Arrest in Attempted Homicide
On Friday, June 6, Santa Monica police arrested a suspect in the April 28 home invasion and attempted homicide of a woman in the 1200 block of 12th Street [Santa Monica Mirror, May 1-7, 2008]. At 11:45 that night, officers responded to an apartment complex; the female victim was home alone when she was awakened by a male suspect armed with a knife attacking her. The victim fought the assailant and was stabbed several times during the ensuing struggle. She was immediately transported to an area hospital, where her injuries were treated. The suspect fled the location on foot.
Detectives and Forensic Specialists from the Santa Monica Police Department processed the crime scene and located DNA evidence. That evidence was processed through the State’s DNA database and a possible suspect was identified. Investigators located that suspect and arrested him on June 6. He is identified as Michael Thomas Gargiulo, 32 years old, currently a Santa Monica resident, now being held on bail in the amount of $1,100,000. The Los Angeles District Attorney’s Office is expected to arraign Mr. Gargiulo on the charges of attempted willful, deliberate, and premeditated murder and burglary. Detectives believe the suspect entered the victim’s residence through a partially opened window, and Santa Monica police remind residents not to leave their windows and doors open during the upcoming warm summer months, as predators are looking for simple opportunities to commit crimes.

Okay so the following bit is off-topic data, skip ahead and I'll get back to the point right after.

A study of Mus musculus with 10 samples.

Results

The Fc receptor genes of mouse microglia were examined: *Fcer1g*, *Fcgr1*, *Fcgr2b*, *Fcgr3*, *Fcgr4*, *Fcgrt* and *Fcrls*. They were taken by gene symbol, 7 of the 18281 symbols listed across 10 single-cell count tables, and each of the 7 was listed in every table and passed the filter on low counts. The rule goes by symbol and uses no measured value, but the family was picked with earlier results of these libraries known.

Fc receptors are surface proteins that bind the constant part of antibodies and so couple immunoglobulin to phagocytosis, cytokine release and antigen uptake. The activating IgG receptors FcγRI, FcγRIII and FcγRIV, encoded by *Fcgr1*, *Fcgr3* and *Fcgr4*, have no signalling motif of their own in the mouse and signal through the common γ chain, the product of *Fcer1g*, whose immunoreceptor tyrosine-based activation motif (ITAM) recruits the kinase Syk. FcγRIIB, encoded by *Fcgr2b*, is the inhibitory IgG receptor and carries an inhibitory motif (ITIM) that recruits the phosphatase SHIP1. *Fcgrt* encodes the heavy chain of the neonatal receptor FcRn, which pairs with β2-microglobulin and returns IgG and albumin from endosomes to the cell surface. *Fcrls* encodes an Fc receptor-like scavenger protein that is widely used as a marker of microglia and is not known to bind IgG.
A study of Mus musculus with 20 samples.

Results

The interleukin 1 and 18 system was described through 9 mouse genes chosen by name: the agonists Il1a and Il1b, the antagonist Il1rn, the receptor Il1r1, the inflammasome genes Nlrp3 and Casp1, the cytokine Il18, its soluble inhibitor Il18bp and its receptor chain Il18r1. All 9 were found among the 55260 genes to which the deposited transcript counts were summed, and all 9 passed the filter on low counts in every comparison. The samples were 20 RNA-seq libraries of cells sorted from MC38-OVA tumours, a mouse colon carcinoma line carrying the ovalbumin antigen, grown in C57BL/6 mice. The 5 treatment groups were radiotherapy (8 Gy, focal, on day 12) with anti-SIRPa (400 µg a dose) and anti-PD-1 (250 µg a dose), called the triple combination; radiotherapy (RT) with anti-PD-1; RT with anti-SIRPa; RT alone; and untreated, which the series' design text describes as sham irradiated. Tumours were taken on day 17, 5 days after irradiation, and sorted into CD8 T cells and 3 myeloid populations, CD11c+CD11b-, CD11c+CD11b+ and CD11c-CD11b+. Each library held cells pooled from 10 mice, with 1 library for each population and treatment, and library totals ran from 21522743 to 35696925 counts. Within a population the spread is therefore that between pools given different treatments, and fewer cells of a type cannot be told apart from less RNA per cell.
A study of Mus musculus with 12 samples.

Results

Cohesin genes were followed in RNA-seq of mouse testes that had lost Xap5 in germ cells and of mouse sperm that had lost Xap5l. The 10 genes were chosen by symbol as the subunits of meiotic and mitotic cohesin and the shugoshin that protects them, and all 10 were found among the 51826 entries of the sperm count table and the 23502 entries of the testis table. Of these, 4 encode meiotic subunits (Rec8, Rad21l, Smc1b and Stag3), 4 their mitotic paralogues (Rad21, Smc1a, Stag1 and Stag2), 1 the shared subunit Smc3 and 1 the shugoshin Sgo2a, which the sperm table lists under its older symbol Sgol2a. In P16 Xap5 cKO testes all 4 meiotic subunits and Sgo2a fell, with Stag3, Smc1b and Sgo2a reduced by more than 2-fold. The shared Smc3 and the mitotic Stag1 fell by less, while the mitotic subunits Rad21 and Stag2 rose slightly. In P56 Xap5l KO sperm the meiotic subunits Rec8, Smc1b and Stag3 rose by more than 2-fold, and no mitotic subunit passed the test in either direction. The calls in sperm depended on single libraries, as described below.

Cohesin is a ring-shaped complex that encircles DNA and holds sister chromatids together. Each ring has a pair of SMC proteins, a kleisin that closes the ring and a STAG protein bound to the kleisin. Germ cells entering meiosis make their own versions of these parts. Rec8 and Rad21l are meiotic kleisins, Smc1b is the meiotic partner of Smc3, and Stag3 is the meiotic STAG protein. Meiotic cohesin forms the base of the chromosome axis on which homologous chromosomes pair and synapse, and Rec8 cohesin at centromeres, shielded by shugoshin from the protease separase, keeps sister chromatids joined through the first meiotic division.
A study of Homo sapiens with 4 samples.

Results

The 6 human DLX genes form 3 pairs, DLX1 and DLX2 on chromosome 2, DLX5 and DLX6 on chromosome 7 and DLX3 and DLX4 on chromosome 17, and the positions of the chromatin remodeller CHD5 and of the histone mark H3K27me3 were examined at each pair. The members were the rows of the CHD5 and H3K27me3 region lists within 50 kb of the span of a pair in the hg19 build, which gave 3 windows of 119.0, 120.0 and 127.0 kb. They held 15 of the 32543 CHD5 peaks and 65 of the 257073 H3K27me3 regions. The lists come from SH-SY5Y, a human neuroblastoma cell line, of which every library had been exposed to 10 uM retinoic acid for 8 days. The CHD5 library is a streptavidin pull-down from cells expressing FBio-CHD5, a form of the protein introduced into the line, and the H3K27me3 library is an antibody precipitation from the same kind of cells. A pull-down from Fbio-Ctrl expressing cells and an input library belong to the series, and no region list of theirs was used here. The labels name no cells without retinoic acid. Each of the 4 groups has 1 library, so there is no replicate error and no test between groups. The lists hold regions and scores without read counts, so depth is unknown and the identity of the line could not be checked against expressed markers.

This investigation is ongoing and anyone with information about Mr. Gargiulo or this crime is encouraged to contact the Santa Monica Police Department Detectives at 310.458.8451 or the Watch Commander at 310.458.8427 (24 hours). Anyone wishing to remain anonymous can call the WeTip hotline at 800.78.crime (27463).
In this space, an assault with a deadly weapon incident was recently reported as having occurred in the parking lot of the Casa Escobar restaurant in the 2500 block of Wilshire Boulevard [Santa Monica Mirror, May 15-21, 2008]. The reference to that restaurant was only a means of identifying the southeast corner of Wilshire Boulevard and 25th Street with a popular landmark. The incident did not involve patrons of that restaurant; indeed, the restaurant had closed for the night at the time of the incident.